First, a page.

INFORMATION minister Jonathan Moyo’s promise to reform the media has been tested with the licensing of radio stations linked to Zanu PF.
The Broadcasting Authority of Zimbabwe (BAZ) on Tuesday named the State-owned Zimpapers and AB Communications owned by Information Technology minister Supa Mandiwanzira as among the five companies that have been awarded radio broadcasting licences, with none for players that are seen to be independent of the government.
Ironically, new licences for Zimpapers and Mandiwanzira’s AB Communications come only a few days after Moyo slated their radio stations, Star FM and ZiFM respectively, threatening to close them for failing to provide national coverage.
Questions linger why only those linked to the government and Zanu PF were licensed, with observers saying this was an indicator that the government was not too keen on opening broadcasting space.
Media Institute of Southern Africa (Misa-Zimbabwe chapter) director Nhlanhla Ngwenya cast doubt on the seriousness of the government and BAZ in promoting media diversity by continuing to license the same players.
“The substance of the liberalisation of the airwaves remains questionable because it is the same players that are State-controlled or linked to the ruling Zanu PF party that appear to be benefiting from the frequency spectrum,” he said.
“Mandiwanzira is a Zanu PF MP and his AB Communications company and the State-owned Zimpapers stable were also awarded commercial broadcasting licences the previous year.
“The concentration of the ownership in the hands of those linked to or belonging to the ruling party is detrimental to the broadcasting diversity and it is clearly meant to ensure that there is expansion of the media empire and that those linked to the ruling elite are the only owners of broadcast media.”
Zimbabwe Association for Community Radio Stations chairperson Gift Mambipiri said although they appreciated the licensing of new radio stations, there was no diversity.
“The march towards diversity appears compromised when the same players, linked to, or with a close relationship with the State, are licensed, as is the case now,” he said.
“The government has always dominated the airwaves via ZBC.
“Their further licensing of Zimpapers and Kingstons is a sure sign that they plan to sell the nation a dummy.
“Allowing a few individuals or entities to appropriate and take everything on offer, when others are crying for the same breeds discontent in the land.
“Our unity as a people may be compromised by such selfish acts.”
Loughty Dube of the Voluntary Media Council of Zimbabwe (VMCZ), said for BAZ to retain any modicum of credibility there was need for it to publish results of its interview processes.
“What is important now is for BAZ to publicly issue a statement showing how it chose these companies,” he said.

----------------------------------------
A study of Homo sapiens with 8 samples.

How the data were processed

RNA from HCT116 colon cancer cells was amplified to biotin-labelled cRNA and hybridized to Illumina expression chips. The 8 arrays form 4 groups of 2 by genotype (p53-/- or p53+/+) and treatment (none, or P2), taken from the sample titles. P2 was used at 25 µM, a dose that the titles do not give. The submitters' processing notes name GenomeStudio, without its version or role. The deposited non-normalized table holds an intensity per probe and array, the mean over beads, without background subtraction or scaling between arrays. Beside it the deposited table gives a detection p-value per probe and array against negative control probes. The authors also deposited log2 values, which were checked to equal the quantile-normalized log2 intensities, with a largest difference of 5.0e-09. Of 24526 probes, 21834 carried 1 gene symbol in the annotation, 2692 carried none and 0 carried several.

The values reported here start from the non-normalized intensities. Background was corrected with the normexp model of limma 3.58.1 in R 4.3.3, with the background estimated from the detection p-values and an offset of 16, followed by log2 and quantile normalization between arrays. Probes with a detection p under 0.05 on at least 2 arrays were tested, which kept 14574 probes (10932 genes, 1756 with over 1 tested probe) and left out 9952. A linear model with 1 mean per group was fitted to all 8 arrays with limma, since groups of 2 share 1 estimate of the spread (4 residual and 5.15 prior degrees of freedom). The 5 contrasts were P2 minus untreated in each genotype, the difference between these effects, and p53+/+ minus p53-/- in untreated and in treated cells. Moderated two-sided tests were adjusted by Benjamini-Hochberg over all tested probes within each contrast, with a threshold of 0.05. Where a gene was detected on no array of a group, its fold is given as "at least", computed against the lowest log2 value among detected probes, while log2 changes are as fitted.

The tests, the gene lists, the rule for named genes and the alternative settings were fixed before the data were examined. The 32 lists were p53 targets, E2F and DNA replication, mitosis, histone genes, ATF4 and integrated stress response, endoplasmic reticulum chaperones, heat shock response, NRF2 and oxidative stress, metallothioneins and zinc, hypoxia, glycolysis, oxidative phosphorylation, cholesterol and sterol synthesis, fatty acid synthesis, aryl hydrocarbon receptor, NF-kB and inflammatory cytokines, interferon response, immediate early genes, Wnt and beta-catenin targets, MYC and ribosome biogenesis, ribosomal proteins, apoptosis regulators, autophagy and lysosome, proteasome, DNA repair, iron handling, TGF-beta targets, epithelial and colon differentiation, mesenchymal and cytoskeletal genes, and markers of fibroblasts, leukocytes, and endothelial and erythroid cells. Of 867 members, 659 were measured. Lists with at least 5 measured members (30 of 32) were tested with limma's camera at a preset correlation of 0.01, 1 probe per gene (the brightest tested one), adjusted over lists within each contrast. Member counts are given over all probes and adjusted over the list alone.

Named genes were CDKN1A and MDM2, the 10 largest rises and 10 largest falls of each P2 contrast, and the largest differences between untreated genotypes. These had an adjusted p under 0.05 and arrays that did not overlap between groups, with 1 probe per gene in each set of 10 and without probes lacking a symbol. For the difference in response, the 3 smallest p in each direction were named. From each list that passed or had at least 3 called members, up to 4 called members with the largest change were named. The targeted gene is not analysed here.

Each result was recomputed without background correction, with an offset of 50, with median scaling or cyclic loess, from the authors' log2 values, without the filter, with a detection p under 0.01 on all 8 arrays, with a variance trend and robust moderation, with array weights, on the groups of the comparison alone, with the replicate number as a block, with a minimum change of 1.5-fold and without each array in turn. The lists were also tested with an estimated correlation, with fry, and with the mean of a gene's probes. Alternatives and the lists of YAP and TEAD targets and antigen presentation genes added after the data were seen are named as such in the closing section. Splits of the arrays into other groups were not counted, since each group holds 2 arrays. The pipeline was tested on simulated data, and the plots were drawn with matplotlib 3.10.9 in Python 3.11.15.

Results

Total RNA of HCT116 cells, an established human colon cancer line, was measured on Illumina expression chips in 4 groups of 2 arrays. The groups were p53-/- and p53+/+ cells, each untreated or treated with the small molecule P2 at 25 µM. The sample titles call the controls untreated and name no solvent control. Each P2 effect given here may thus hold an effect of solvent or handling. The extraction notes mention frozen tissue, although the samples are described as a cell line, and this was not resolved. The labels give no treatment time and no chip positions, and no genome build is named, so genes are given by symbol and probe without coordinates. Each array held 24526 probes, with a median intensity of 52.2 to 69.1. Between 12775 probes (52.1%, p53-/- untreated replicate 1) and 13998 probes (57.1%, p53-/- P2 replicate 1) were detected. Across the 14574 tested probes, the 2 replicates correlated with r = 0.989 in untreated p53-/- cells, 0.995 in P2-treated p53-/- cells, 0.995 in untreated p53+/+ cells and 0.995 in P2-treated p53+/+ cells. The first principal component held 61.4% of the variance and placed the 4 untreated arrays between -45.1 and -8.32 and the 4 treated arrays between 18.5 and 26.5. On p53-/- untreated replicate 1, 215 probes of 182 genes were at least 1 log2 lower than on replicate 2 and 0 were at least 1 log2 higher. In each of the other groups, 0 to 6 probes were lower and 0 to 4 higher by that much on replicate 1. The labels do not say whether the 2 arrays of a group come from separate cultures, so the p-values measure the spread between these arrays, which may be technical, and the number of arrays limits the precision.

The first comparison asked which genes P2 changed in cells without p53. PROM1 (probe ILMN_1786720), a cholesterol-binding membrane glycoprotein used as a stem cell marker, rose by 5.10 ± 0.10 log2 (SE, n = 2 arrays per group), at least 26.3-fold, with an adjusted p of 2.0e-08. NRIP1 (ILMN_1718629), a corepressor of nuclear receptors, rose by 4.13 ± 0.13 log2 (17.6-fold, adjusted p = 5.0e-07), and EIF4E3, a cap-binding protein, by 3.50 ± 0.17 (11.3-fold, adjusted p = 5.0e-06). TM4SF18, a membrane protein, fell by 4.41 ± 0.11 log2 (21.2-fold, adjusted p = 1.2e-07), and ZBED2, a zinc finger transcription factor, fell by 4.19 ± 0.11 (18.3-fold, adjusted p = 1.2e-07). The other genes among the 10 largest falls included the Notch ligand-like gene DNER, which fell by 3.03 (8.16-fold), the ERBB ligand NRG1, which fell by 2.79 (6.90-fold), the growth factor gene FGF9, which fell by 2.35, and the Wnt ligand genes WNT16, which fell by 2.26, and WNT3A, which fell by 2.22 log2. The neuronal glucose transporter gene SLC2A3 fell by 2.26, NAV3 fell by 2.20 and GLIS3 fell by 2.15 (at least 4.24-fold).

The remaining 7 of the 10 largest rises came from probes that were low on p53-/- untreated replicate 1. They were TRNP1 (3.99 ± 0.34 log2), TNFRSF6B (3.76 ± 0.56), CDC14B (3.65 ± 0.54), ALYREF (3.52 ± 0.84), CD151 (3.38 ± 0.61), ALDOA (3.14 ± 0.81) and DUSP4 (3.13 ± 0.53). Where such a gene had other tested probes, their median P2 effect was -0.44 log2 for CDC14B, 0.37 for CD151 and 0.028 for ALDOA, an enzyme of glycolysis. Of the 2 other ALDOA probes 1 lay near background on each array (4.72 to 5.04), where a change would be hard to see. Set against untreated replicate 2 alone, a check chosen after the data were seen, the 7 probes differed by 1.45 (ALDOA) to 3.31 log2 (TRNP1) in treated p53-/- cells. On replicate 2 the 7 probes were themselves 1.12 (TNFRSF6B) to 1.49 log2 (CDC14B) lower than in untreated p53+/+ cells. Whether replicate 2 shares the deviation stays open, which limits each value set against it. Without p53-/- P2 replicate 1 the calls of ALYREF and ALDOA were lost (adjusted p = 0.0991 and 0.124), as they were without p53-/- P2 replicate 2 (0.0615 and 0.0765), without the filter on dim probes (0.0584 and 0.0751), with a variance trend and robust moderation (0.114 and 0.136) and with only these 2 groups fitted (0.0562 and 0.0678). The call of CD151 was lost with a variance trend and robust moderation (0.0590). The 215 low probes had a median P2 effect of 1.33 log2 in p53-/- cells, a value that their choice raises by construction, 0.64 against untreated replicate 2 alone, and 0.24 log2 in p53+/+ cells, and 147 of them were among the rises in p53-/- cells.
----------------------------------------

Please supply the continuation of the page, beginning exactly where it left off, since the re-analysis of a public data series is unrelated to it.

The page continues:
“It should show how each company fared during the interview process, highlight the strengths and weaknesses of each company and how it came to a conclusion that such and such a company deserved a licence so as to dispel any talk of bias and favouritism.”
Zimbabwe Union of Journalists secretary-general Foster Dongozi weighed in saying “we celebrate this as a victory against the struggle for access to information and freedom of the press”.
“There is need to attend or ensure that the process of awarding licences does not leave anyone in doubt as to whether those that were given licences genuinely deserved them,” he said.
“This is essential to remove any perceptions of favouritism and bias in the awarding of licences.
“This is necessary so that we do not have many voices singing the same tune because media pluralism does not mean media diversity.”
Mandiwanzira’s AB Communications won two licences (Gogogoi and Faya FM) to broadcast in Masvingo and Gweru respectively, Zimpapers (Diamond FM in Mutare), Fairtalk Communications (Skyz Metro FM for Bulawayo and Breeze FM for Victoria Falls), Kingstons (Nyaminyami FM and KE100.4 for Kariba and Harare respectively) and Ray of Hope (YA FM in Zvishavane).
Transport minister Obert Mpofu was snubbed by BAZ, as he applied for two licences, one in Bulawayo and another in Victoria Falls.
The minister’s team, however, failed to attend the interview process in Victoria Falls and was banking on Bulawayo, where they expected to win the licence.
There is reportedly bad blood between Moyo, the minister who oversees BAZ and Mpofu, over factionalism in Zanu PF.
There have been calls for the regulating authority to free the television airwaves and end the monopoly of the State ZBC that faces charges of being biased towards the ruling Zanu PF.